Kenya is looking to lock students from wealthy families out of state-funded university learning in a bid to reduce the unbearable burden of subsidised education.
The Universities Funding Board (UFB) – the agency that allocates university funding on behalf of the government – says that it will conduct an audit on all new and existing students to ensure that only those from needy backgrounds access state funding.
This conservative approach will also be extended to the Higher Education Loans Board, the agency that disburses state loans to students, meaning that the facilities will not be accessible to rich students.
The new model is largely meant to help slash state subsidies at a time when the government is struggling to fund its obligations – the result of a harsh economic environment and pressing loan repayments.
Who needs financial support to study?
University administrators have been seeking to raise tuition fees to meet their costs in the wake of reduced government allocations.
However, this plan has faced stiff opposition due to its direct impact on households which will be forced to dig deeper into their pockets.
The review of the funding model will see those excluded from state funds cater for their own learning fees, a turn of events which could save the government a quarter of the current expenditure on universities.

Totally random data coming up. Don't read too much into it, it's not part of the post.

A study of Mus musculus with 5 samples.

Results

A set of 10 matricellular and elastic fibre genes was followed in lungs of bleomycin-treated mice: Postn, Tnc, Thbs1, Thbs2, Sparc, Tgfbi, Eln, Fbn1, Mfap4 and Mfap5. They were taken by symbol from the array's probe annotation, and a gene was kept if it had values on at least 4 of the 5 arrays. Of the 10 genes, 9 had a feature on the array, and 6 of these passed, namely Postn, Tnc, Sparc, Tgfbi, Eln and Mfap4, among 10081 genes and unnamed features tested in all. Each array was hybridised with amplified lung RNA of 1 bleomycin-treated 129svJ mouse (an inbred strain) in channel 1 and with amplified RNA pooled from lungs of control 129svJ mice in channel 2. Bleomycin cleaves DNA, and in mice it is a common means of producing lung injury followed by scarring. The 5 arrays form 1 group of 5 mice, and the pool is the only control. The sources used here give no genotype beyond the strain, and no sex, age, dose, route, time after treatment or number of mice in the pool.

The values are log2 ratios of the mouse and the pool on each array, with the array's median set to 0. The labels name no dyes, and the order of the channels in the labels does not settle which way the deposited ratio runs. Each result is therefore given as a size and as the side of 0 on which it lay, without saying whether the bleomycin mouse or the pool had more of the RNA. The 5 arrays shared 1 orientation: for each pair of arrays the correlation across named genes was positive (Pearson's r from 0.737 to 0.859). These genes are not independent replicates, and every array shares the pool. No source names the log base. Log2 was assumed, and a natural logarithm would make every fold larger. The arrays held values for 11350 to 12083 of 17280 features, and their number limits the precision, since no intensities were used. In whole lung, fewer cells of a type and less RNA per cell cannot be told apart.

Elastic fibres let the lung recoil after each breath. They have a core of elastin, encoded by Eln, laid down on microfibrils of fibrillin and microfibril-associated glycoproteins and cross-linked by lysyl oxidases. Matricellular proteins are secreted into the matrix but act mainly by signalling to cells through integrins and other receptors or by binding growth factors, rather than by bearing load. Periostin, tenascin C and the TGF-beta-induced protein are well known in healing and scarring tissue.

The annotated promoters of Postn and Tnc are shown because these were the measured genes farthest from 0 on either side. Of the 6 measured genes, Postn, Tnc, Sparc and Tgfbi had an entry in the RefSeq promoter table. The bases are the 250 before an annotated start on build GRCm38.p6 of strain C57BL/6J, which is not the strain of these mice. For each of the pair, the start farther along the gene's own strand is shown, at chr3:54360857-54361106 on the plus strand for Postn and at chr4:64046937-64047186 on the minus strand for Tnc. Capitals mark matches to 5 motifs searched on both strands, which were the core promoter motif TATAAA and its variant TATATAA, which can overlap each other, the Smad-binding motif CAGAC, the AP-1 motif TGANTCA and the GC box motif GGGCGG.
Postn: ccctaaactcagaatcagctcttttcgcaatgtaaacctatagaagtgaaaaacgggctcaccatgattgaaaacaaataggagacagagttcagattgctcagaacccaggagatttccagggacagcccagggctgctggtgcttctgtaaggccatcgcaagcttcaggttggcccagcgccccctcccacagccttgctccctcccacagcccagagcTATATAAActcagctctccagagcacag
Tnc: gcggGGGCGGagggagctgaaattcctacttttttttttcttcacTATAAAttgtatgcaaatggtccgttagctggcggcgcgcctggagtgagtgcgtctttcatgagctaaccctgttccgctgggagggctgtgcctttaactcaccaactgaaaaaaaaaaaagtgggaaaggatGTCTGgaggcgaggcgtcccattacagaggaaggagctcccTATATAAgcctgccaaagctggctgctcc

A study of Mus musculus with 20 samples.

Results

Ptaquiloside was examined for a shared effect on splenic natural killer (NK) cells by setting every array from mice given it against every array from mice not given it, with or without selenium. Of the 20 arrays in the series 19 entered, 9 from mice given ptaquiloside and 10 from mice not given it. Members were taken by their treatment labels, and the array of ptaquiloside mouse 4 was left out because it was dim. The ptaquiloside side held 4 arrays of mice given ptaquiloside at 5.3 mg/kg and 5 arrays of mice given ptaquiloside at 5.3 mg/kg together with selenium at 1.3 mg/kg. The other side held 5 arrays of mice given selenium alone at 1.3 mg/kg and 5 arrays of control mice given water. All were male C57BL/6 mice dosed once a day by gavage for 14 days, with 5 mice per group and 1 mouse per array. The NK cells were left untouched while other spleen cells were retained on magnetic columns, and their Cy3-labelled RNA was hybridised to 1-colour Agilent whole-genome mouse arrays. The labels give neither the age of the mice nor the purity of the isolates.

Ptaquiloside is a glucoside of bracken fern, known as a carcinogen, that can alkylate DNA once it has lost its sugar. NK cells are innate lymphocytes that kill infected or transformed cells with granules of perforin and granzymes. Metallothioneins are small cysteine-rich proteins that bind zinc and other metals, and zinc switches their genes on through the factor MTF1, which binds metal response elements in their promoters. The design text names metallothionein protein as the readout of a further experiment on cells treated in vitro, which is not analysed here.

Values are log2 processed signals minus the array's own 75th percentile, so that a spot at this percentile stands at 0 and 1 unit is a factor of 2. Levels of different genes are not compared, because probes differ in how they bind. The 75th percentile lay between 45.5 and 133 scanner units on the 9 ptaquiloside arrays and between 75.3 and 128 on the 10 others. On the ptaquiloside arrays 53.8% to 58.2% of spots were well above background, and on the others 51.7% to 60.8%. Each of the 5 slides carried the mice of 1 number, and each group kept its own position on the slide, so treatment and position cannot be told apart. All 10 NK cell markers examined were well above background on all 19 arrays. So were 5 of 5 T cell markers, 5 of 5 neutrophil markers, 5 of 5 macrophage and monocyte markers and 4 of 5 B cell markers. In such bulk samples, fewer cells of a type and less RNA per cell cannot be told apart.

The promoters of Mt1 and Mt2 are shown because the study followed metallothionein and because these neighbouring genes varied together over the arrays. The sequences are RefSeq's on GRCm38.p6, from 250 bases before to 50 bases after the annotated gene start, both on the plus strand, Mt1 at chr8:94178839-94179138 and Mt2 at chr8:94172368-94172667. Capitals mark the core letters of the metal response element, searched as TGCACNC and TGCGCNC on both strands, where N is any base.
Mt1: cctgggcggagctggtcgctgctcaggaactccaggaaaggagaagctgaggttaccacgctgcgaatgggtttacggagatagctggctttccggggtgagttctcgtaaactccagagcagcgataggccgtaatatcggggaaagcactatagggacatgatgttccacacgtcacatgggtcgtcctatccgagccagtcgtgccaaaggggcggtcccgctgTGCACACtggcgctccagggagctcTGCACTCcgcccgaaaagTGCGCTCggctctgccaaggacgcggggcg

“This policy recommends a gradual introduction of targeted free tuition to shift the burden of higher education funding to only needy and bright students.
“Evidence has shown that a number of households in Kenya, especially those in the middle and upper income quotients, may not require any financial support to put their children through university education,” said the UFB in a brief to the Cabinet Secretary for Education, Ezekiel Machogu, published in late October. Machogu replaced Professor George Magoha following the August elections in Kenya.
Facing a perfect storm
Public universities rely largely on government subsidies to run their operations. Currently, the government is expected to cater for up to 80% of the cost of degrees per student for all those who are enrolled in the regular stream (government-sponsored), irrespective of their income status.
Students who meet the entry criteria to study at university (C+ grade in their school exit exam) receive sponsorship that covers tuition fees, save for admin fees of about US$160 per year. These students are admitted to public universities.
Those who miss the cut-off grade join the self-sponsored programme where you pay for your tuition. Others join private institutions.
The government capitation currently covers only 57% of the budget with the allocation mainly utilised to pay staff salaries, leaving little or no funding for promoting quality.
“Our universities are facing a perfect storm; lower state funding, reduced enrolment of self-sponsored students and unresolved mismanagement issues that have now hit crisis levels,” said Rufus Mwanyasi, the managing director at Canaan Capital, a financial consulting firm.
The review will also affect government-sponsored students in private universities who currently receive up to US$700 each year from the government. Funding to this cohort, said the UFB, will be completely discontinued.
As a result of the admission backlog, the government had started sending regular students who meet the eligibility criteria for government funding, to private universities. It pays for their tuition, which is higher than in the public sector.